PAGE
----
New Zealand shares were mixed as network operator Chorus extended its rebound from a record low and clothing chain Hallenstein Glasson Holdings said it may have to cut guidance.
The NZX 50 rose 3.894 points, or 0.1 percent, to 4708.198. Within the index, 16 stocks rose, 23 fell and 11 were unchanged. Turnover was $168 million.
Chorus rose 3 percent to $1.37, its third straight gain, having touched a record-low close of $1.305 on Dec. 9 amid concern about the impact of regulated price cuts on its copper network. Contact Energy rose 1.4 percent to $5, having been among power companies hurt by the threat of regulatory change after next year’s elections.
“The aggressive selling pressure in the utilities sector and in Chorus has abated, at least for now,” said Anthony Halls, portfolio manager for equities at Mint Asset Management. Uncertainties remain and “you can’t put a price target on the stock and have confidence in it.”
Equity markets weakened across Asia as investors speculated the US economy is growing at a fast enough clip to prompt the Federal Reserve to wind back its US$85 billion a month of bond-buying stimulus. In New Zealand, the central bank today flagged the end of record low interest rates in the face of “considerable momentum” in the economy and the emergence of inflationary pressures.
The local market “is starting to build in some tightening,” Halls said. The Reserve Bank is “getting more certain in the language they are using.”
Hallenstein fell 5.1 percent to $3.70 after saying it needed a successful summer season to meet earnings guidance.
“We are now at the ‘business end’ of the season and the success or otherwise of the next few weeks will have a significant influence on our first half profit,” chairman Warren Bell told shareholders at their annual meeting. “Our forecast of a 20 percent decline in profits will come under pressure if sales do not improve to above last year’s level over the balance of the summer season.”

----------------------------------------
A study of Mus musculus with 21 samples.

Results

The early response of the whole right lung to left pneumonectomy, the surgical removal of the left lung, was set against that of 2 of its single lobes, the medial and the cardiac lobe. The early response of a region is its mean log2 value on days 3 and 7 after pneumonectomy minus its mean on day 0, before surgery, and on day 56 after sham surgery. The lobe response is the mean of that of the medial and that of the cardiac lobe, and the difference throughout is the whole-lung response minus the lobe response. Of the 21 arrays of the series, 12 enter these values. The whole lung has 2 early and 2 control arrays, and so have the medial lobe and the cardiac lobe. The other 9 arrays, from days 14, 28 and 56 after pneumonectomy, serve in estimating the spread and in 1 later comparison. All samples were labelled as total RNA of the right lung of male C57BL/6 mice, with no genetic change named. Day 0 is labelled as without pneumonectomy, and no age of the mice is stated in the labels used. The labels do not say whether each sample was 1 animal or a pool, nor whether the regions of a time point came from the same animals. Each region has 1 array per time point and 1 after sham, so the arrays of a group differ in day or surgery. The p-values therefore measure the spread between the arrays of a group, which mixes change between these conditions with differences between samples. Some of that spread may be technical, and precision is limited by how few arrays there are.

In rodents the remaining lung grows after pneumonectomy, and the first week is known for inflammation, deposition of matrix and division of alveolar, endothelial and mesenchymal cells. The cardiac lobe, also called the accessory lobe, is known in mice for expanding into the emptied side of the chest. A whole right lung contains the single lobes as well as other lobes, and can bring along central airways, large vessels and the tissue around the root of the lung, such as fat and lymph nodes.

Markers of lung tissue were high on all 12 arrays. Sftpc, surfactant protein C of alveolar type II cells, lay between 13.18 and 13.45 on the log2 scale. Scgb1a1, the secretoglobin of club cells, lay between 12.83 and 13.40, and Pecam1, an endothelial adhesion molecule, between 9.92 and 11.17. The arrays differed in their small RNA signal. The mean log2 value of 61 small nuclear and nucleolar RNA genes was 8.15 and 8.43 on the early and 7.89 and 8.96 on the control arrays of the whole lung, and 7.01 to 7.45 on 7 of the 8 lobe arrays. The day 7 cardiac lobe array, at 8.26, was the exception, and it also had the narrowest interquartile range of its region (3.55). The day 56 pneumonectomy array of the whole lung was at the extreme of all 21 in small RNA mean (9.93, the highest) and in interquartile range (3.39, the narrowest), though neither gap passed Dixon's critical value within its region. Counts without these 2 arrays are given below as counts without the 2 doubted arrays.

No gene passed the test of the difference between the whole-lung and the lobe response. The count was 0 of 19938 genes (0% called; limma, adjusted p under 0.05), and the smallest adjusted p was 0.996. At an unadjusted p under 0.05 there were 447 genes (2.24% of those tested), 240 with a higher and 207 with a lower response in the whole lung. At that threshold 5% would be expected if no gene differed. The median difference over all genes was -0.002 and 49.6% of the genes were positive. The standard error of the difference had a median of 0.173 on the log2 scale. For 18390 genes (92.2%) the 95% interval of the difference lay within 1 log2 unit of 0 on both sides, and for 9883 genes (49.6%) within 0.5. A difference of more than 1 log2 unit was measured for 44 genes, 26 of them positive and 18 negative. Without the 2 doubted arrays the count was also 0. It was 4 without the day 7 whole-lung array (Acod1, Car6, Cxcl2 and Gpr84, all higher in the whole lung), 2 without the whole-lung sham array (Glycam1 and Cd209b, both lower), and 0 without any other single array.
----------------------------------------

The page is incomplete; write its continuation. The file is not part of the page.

Diligent Board Member Services, which has delayed release of its first half results and is restating three years of sales fell 6.1 percent to $3.55, the biggest percentage drop on the index.
Westpac Banking Corp fell 3.2 percent to $33.10, AMP dropped 2.4 percent to $4.55 and Australia & New Zealand Banking Group fell 2.3 percent to $33.05 reflecting a slide in Australia’s S&P/ASX 200 Index.
Windflow Technology, the wind turbine manufacturer, tumbled 40 percent to 6 cents after the company said it may tap shareholders for $4 million as it chases sales in the UK and develops a new product.
Fonterra Shareholders’ Fund fell 1.9 percent to $5.64, having tumbled yesterday when Fonterra, the world’s largest dairy exporter, slashed its dividend and earnings forecasts.
Trade Me fell 0.7 percent to $4.19. The auction website today said it had agreed to acquire the MotorWeb site for $19.5 million to expand its motor vehicle offering.
Vector declined about 2 percent to $2.50 after leading a failed attempt to overturn the way the Commerce Commission sets prices for its services, following a merits review challenge to the High Court.
Fletcher Building fell 0.7 percent to $8.73 and Telecom rose 1.3 percent to $2.315.